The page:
A diary series about the development of my writing career as a dark fantasy novelist.

By Kris LelielPublished 4 years ago 4 min read
The Violet Project Diaries - Entry 4 - Flowing in Circles
Photo by Adrien Olichon on Unsplash

Warm Up: Published an old, melancholy poem from my journal today called “A Plea to Death”. I really like it. It’s Poe-esque. Yay consonance. I did my best to pay attention to the metre/meter since I made each stanza into a limerick (which is kind of unintentional). Limericks are usually happy or funny so maybe that was a weird choice. Oh well. That happened. I hope that eventually I get over the nervousness in my stomach that bubbles up every time I post a new piece. I know it’s nerves, but it’s still awful. Insecurity sucks.

Novel Work

By Andrew Seaman on Unsplash

I just wanted to say that if you ever feel like there’s a block or awkwardness in the way you write dialogue, it’s a sign that your characters need to be fleshed out more. This is exactly what was happening to me yesterday, but now that I fleshed out the protagonist’s parent, their dynamic and conversation is just flowing in my head. It’s a great feeling.

On another note, reading cringy first draft dialogue is the worst feeling, but I’m catching some good world building and relationship dynamic lines. One thing I try to pay attention to is how the characters talk about the world. Obviously it enhances the immersion and it’s a way to educate the readers without info-dumping. I’m currently reading the A Game of Thrones series and I definitely feel more connected to the world when characters are discussing the politics between kingdoms and territories rather than having the entire history of Westeros and the royal family lines told to me point blank.

Going back to great feelings, getting into the flow can help old ideas fall right into place with new concepts. In my novel’s world, there’s an organization investigating the history of their civilizations and their magic system. I had no idea where to put them before, but they just slithered in so beautifully and I can almost taste how tantalizing this is going to be. But of course, I’ll need to study secret organizations before I continue. I’m sure I’ll have to go further than my favorite childhood book series A Series of Unfortunate Events (If you haven’t read this, even one book, we simply can’t be friends.) I’ll start with my conspiracy loving friends. They’re great.

Overall, today was a good “flow” day. Ideas were flowing, dialogues were flowing, the plot was flowing; all of this is such a fantastic feeling! It can be a little nerve-wracking when you get a series of awesome ideas and you just can’t write fast enough, but it’s okay. All you can do is jot down the ideas and take notes of other things you don’t want to forget, then just enjoy the journey from there. I’m not sure if I can say there’s no rush because my brain will translate that as, “It’s okay to procrastinate.” No, no, no. I’m just saying that novel writing shouldn’t be a rushed mess nor should it be the project that’s never finished. Just enjoy it.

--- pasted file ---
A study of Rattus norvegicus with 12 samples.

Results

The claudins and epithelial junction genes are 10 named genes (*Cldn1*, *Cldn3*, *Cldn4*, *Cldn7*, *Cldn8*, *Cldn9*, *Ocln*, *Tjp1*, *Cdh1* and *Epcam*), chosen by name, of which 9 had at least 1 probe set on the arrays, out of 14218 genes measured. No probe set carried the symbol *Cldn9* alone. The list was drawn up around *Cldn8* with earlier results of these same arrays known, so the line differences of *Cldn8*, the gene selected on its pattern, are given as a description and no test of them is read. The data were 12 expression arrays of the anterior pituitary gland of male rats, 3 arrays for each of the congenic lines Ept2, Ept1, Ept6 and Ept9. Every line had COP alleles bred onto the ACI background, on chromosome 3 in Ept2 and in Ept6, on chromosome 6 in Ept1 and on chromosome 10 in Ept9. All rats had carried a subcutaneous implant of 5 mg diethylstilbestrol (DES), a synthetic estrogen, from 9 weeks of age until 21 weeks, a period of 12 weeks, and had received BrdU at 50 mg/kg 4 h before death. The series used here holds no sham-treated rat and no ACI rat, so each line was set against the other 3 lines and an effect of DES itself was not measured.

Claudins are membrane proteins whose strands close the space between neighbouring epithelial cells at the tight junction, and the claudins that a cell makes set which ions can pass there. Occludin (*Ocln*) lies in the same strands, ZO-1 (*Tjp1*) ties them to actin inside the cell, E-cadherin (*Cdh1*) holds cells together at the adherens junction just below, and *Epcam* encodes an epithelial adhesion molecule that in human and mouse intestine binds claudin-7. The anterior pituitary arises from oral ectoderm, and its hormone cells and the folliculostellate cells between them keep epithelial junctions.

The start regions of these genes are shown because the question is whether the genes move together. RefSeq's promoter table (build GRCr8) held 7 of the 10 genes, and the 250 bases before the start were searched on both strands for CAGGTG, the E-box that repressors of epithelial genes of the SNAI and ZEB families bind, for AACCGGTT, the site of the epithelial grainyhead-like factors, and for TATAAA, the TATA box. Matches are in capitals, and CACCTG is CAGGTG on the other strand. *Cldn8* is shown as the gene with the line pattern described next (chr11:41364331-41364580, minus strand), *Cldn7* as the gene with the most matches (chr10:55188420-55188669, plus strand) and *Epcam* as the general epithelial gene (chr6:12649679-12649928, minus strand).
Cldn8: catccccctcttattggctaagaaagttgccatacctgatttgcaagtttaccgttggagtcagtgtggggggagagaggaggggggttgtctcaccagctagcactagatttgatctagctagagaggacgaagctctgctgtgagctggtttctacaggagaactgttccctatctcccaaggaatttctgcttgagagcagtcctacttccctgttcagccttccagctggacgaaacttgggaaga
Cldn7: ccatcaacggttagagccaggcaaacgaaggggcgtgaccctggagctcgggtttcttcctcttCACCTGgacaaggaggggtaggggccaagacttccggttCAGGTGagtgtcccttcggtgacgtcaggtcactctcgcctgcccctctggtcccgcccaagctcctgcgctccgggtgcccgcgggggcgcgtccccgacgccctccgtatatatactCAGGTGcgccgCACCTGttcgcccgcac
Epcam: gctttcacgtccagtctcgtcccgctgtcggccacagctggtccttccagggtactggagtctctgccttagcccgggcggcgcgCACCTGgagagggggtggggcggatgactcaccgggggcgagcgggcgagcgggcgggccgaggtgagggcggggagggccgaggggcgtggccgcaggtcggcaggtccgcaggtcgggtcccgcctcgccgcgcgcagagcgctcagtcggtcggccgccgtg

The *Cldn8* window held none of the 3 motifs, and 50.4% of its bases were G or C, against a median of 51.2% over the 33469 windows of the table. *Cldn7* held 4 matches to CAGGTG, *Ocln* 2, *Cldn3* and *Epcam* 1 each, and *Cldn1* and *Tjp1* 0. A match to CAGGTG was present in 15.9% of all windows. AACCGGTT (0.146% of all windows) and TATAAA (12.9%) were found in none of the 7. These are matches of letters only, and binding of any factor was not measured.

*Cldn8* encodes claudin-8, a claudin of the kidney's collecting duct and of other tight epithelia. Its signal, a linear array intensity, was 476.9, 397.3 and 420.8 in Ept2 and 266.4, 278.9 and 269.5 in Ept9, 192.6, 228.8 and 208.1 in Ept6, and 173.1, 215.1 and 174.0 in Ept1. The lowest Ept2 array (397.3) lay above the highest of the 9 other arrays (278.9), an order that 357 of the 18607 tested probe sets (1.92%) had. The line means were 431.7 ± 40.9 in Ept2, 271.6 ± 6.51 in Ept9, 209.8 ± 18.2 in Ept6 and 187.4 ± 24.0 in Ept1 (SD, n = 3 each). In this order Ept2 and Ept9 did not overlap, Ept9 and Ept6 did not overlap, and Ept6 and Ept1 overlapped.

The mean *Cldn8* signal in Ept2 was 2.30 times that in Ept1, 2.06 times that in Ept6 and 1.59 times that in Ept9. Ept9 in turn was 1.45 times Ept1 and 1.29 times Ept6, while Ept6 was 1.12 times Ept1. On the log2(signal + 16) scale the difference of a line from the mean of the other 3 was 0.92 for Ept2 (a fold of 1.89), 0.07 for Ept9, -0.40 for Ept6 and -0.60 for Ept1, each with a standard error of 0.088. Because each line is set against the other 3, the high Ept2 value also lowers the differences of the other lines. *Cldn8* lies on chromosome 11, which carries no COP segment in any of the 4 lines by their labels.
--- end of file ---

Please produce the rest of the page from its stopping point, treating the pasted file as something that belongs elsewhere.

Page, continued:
If I were to describe where I’m at on the story timeline of my second draft, I’m approaching the “rising action” part of Freytag’s Pyramid. On the story structure circle created by Harmon, I’m somewhere between step 2 and 3. This is probably why I’m so giddy about having good flow today because this is the buildup before diving to the underground/unconscious/unknown. If you’d like to hear more on that, I have another Will Schroder video for you.

After rewatching the video, I realized my blog post about Freytag’s Pyramid is basically what was said in yesterday’s entry, where Shroder’s described the “loop” technique in Bojack Horseman Subverts Narrative. That’s a bit spooky since I watched the Bojack videos for the first time yesterday.

“Another thing to point out is the vast difference between Freytag’s Pyramid and Harmon’s Story Circle is the climb versus the cycle. I think Freytag’s pyramid is very pre-modernist and concrete. A situation is presented, choices are made, and those choices lead to an inevitable end or revelation. We’ve structured the pyramid by sequential acts, beginning, middle, and end, but stories being told this way seem to be rigid, half-truths. It’s like these stories are saying “If this happens to you, and you do this, and things will end like that.” It’s a very black-and-white way of defining how we deal with conflicts in life. Harmon’s Story Circle, on the other hand, presents stories as cyclical. The Story Circle is postmodernist, more subjective, and fluid. The cycle of the character’s life do come to a finish, but only to allow a new one to be birthed. There really is no conclusion, yet there is still a revelation along with acknowledging the constancy of change.” - (Leliel 2019)


I don’t have time to research secret organizations today. That’ll be tomorrow.

Thanks for reading

Read my horror short story "Autonomy Bleeds Black" if you'd like. Critique is welcomed.


Kris Leliel

Kris Leliel is a strange writer who posts about the occult and spirituality, goth stuff, horror, creative writing, mental health, and her own creative ventures. She has a Masters in Liberal Studies and a BA in English & Psychology.